ME PoV Spring 2016 issue
In view of its strategic geographic location in the heart of the Mediterranean and its highly regulated business and banking infrastructure, Malta has, over the last two decades, become an international financial services center of high repute.
In 2004 and 2008 Malta became a full member of both the European Union and the Eurozone respectively, events which have both contributed to the island’s growth from a local and international perspective. This growth has been noted on various occasions when Malta has ranked highly on both standard of living and business jurisdiction indexes.
Malta has the advantage of having two official languages–Maltese and English–together with other non finance-related benefits such as a warm climate, excellent cuisine, a rich history and a general jovial and welcoming culture. The island is easily accessible through its modernized airport with a variety of international flight connections.
During Malta’s period of growth as an international business center it became evident that various programs for attracting foreign individuals wishing to take up residence in Malta should be introduced to sustain and increase this growth. This led to the introduction of the Global Residence Programme (GRP) and the recently introduced Malta Residence and Visa Programme (MRVP) that are targeted at non-EU/non-EEA/non-Swiss nationals while other similar residence programs are targeted at EU/EEA/Swiss nationals. This article will concentrate on the GRP and MRVP.
Basis of taxation in Malta
The basis of taxation in Malta is determined in relation to whether the individual is resident in Malta and domiciled in Malta. An individual who transfers his residence to Malta without the intention of residing indefinitely there is typically considered, for Malta income tax purposes, to be resident in Malta but not domiciled in Malta. It is important to note at the outset that Malta adopts a “remittance basis” of taxation in respect to the taxation of foreign-source income of individuals who are resident in Malta but not domiciled in Malta. This means that such individuals are subject to tax in Malta on income and capital gains arising in Malta and any foreign-source income received in, or remitted to, Malta. Foreign-source income not remitted to Malta is not subject to tax in Malta whilst foreign-source capital gains are not subject to tax in Malta irrespective of whether or not remitted to Malta.
Both programs discussed below cater for resident non-domiciled individuals and the aforementioned remittance basis of taxation would apply to such persons. Furthermore, it is important to note that for both programs, separate Malta residence application procedures have to be carried out.
The main advantages available to a beneficiary of the GRP and qualifying dependents is that such an individual would be subject to tax in Malta at a flat rate of 15 percent on foreign-source income remitted to Malta, with no tax arising on remittances of foreign capital to Malta. The beneficiary and qualifying dependents would also be granted a Malta Residence Permit that provides access to the Schengen Area, with certain restrictions.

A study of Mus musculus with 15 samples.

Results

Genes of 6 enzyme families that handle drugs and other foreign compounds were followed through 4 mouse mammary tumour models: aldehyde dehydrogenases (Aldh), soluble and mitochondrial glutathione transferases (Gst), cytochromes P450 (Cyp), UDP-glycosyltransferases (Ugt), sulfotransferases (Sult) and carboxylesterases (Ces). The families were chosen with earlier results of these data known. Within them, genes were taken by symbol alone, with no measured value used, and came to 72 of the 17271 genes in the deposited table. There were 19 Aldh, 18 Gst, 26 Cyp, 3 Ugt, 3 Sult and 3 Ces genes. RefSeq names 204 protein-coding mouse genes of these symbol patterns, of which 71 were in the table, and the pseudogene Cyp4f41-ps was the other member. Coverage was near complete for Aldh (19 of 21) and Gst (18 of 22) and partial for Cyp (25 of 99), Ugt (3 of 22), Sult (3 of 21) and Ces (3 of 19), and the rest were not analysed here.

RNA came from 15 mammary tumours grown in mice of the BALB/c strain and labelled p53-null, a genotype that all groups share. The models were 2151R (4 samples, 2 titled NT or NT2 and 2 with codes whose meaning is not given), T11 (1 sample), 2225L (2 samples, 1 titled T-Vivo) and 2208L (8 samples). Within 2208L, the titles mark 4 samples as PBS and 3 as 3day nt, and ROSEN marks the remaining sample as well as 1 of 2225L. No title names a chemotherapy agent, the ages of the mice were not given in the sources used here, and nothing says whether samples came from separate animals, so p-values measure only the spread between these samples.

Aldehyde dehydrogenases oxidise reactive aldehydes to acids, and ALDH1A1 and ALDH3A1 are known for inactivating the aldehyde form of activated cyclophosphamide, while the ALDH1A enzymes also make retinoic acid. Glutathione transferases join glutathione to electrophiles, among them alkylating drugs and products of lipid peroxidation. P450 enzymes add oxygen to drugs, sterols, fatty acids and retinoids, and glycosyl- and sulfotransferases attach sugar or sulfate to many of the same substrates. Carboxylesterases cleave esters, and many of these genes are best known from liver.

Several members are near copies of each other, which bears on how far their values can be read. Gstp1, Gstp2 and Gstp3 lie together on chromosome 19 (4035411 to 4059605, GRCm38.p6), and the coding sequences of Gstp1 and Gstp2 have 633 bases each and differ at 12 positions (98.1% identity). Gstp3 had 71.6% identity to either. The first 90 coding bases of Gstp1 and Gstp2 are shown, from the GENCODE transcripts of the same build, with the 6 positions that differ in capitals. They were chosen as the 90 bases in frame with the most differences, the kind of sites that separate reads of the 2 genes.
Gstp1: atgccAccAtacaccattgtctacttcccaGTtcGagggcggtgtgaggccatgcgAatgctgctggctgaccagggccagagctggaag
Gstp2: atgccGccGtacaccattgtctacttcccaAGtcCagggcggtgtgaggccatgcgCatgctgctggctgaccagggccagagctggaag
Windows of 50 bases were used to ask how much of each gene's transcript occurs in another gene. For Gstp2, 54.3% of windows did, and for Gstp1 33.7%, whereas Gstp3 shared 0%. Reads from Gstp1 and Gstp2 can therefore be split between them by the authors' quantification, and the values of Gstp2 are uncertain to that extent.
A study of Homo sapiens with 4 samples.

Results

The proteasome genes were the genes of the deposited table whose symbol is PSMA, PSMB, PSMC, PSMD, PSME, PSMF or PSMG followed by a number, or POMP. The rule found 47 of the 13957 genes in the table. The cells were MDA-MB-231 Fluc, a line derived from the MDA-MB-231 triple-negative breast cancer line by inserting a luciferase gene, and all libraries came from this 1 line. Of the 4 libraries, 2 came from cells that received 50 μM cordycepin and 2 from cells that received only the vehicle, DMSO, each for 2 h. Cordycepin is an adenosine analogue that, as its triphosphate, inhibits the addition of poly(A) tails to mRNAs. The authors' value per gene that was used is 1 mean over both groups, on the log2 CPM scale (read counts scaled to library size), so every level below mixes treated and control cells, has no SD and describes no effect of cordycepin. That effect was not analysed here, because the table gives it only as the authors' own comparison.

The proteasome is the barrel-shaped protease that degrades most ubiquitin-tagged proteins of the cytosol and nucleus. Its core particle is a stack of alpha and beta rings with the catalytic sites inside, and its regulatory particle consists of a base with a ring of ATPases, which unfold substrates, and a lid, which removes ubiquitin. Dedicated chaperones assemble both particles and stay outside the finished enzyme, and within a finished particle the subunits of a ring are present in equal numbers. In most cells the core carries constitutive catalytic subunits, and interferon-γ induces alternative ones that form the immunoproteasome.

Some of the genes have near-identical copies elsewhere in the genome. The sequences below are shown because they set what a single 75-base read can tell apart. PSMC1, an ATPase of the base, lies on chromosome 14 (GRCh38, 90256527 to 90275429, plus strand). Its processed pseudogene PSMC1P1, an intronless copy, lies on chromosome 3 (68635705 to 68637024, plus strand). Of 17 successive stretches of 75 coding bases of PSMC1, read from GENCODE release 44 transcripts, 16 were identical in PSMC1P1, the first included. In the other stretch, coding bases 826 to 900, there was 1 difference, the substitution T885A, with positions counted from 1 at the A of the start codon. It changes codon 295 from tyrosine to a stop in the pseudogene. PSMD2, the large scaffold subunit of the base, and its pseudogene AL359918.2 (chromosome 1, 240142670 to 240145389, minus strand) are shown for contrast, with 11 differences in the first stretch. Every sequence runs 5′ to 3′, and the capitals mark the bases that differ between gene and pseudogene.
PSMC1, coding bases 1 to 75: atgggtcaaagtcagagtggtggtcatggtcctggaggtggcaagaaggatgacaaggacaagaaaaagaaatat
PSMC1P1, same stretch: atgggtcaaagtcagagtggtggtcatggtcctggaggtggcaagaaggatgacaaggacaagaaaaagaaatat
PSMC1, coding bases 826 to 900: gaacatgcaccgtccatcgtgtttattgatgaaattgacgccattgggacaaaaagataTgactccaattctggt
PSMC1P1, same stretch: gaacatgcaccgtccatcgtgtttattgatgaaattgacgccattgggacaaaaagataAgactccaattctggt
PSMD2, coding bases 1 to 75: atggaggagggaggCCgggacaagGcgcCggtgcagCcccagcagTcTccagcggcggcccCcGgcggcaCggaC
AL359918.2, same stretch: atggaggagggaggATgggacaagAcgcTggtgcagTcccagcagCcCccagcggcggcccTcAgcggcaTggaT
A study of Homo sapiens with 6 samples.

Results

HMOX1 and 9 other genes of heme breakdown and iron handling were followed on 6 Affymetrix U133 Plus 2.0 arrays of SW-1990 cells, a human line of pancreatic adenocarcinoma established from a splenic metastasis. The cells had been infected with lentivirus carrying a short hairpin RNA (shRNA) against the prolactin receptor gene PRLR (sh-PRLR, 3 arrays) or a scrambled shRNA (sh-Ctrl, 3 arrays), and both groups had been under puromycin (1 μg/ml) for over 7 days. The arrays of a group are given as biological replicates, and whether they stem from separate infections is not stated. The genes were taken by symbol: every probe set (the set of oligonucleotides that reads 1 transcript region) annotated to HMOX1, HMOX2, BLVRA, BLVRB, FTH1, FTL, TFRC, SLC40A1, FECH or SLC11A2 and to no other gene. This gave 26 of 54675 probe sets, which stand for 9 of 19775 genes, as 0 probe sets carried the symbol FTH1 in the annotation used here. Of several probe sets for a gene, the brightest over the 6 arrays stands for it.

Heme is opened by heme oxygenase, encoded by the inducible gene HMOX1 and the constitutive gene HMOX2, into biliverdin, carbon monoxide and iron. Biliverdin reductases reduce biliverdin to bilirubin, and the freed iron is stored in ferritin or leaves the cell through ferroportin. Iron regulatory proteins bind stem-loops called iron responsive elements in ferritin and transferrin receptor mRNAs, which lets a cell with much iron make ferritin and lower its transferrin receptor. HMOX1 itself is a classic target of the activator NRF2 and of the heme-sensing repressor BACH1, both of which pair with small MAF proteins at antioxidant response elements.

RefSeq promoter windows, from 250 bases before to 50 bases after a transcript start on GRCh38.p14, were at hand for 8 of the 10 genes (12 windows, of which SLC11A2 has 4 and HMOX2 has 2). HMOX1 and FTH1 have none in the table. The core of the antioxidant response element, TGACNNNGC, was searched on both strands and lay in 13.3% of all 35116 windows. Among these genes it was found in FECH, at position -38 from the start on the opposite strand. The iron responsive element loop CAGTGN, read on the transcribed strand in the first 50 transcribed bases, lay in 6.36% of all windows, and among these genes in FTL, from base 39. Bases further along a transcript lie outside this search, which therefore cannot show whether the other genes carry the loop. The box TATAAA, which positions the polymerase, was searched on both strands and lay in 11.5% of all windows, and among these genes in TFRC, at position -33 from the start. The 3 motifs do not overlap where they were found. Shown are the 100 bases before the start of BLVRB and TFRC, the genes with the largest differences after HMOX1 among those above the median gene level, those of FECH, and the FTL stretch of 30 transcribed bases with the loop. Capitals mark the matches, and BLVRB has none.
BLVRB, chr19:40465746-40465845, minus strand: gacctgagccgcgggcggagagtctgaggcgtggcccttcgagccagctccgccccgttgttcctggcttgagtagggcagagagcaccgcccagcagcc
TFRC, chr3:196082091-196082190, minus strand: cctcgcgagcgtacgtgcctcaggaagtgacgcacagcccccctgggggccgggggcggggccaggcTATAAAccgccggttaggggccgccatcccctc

In order to qualify for the GRP, as per application conditions, an applicant should be a non-EU, non-EEA, non-Swiss national. The applicant should also be a “fit and proper person,” fluent in English, who is in receipt of stable, regular resources, is in possession of medical insurance and who owns a qualifying property in Malta (i.e.: purchased for a consideration of not less than €275,0001 or rented for not less than €9,600 per annum.) An application fee of €6,0002 applies upon submission of the application and an annual minimum tax of €15,000 per annum is payable.
The MRVP, unlike the GRP, is not a tax program but an immigration program that grants the beneficiary and qualifying dependents a Malta Residence Permit, and which provides access to the Schengen Area, with certain restrictions. The beneficiary may also take advantage of Malta’s source and remittance basis of taxation, however any income remitted to Malta would be taxable at progressive rates of up to 35 percent and not a flat rate of tax of 15 percent, as is available in terms of the GRP.
In order to apply for the MRVP, the main conditions state that an applicant should be a non-EU, non-EEA, and non-Swiss national. The applicant should also be a “fit and proper person” who is in receipt of stable, regular resources, is in possession of medical insurance and who owns and holds a qualifying property in Malta for at least five years (i.e.: purchased for a consideration of not less than €320,000 or rented for not less than €12,000 per annum.) The individual must also make a qualifying investment in Malta (i.e.: investment will remain to be an asset of the individual) of €250,000 (held for a minimum of five years) and should have annual income of not less than €100,000 outside of Malta or be in possession of capital of not less than €500,000. A non-refundable contribution of €30,000 also has to be made to the Competent Authority.
Comparison of the programs
The following is a comparative summary of the GRP and MRVP:
The above are two programs through which an individual and his/her qualifying dependents may take up residence in Malta. In terms of both programs a minimum presence in Malta is not required, however in terms of the GRP the individual cannot spend more than 183 days in any other jurisdiction. That being said a number of applicants do spend quite some time in Malta; in fact, the island was selected as the third best place to live for expatriates according to a survey published by The Wall Street Journal in 2015.